Caught between their parents’ traditions and the pressure to assimilate to a new culture, second-generation immigrants face specific challenges. These challenges are made more complex for the children of Caribbean immigrants in the United States, according to a group of scholars who discussed the topic last week at Northeastern.
Such people find themselves up against “a narrative of America wherein black voices and black personhood have no place within the context of and the participation in the American Dream,” said Yndia S. Lorick-Wilmot, who is the author of a new book about how identity shapes the lives of middle-class black Caribbean Americans. It’s called Stories of Identity Among Black, Middle Class Second Generation Caribbeans: We, Too, Sing America, and it was the catalyst for the talk.
“This book is about stories,” said Lorick-Wilmot, who is also the scholar-in-residence at Northeastern’s John D. O’Bryant African American Institute. “It’s ethnography that celebrates the nuances among middle-class Caribbean immigrants and the ways their experiences contribute to their own identity.”
Most of the people Lorick-Wilmot interviewed for her book were born in the 1970s or early 1980s. They grew up in the wake of the Civil Rights Movement in the United States and were in the distinct position to be able to claim an identity more complex than “black.”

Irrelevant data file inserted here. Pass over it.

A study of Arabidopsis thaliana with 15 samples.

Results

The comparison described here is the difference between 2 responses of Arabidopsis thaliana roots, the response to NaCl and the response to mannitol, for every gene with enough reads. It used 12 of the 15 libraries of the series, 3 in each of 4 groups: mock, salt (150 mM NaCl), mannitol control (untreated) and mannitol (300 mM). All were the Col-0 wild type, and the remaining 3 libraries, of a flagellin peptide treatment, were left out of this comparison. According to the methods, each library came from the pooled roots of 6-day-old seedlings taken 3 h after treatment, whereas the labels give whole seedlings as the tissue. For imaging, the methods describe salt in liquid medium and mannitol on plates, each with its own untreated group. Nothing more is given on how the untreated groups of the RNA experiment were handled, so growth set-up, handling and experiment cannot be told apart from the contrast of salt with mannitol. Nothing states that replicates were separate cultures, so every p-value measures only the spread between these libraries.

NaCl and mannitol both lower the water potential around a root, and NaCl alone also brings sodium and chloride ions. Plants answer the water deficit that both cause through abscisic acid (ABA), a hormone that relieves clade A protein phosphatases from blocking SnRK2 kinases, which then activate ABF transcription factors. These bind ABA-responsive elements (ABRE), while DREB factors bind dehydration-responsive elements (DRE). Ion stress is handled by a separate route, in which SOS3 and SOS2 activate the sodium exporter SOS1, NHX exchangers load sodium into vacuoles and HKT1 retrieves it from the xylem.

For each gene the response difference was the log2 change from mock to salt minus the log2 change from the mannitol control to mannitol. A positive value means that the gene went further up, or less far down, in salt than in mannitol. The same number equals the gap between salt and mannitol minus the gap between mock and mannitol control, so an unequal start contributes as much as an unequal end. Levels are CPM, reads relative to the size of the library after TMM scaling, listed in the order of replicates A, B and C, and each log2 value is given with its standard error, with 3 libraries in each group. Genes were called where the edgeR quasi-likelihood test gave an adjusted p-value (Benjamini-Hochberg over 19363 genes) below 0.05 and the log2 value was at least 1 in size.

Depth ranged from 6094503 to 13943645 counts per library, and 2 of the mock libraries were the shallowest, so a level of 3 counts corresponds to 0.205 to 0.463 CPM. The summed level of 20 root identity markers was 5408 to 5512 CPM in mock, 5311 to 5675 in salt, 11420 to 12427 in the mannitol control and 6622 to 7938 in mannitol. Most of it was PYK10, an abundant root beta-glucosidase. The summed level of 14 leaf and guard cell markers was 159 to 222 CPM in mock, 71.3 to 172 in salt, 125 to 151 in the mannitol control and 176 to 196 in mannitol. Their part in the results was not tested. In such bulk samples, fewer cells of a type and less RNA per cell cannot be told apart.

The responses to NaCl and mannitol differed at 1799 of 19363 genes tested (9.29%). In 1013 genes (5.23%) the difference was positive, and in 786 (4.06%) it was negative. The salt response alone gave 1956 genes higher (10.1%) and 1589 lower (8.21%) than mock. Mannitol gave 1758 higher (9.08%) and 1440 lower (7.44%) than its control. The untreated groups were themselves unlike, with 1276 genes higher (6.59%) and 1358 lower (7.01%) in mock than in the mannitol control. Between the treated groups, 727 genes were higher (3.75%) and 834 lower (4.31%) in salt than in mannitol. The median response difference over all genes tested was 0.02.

“If you were a black person in America before that time, the fact that you were black was othering,” Lorick-Wilmot said. “There was no room for nuance because you were already different; you were already black.”
She shared the stage with three other scholars.
Kenvi Phillips grew up in the Midwest, she said, “with a strong understanding that there were many different types of black people.”
Communities that immigrated from African countries have different cultural references and traditions than those from Caribbean countries—an important distinction that’s often left out of the broader understanding of blackness in America, Phillips said.
“Peoples’ different experiences fundamentally shape one’s understanding of the world,” said Phillips, who is the curator for race and ethnicity at Harvard’s Schlesinger Library. “I’m fascinated by how this book will complicate the narrative of what black is, what black isn’t, what white is, and so on.”
Nicole Aljoe, director of the African and African-American Studies Program at Northeastern and a Caribbean immigrant herself, said the experiences of several people interviewed in Lorick-Wilmot’s book resonated for her, both personally and professionally.
“I grew up in a family of storytellers, and one of the most interesting things about this book to me is the way it picks up on the importance of storytelling in Caribbean culture,” she said.
Todne Thomas, an assistant professor of African American religions at Harvard, said Lorick-Wilmot’s focus on immigrants from vastly different parts of the Caribbean was “unique.”
“It opens up the door for people to locate themselves in a place,” she said. “And it shows us that humans can hold complexity in a way that’s very refreshing.”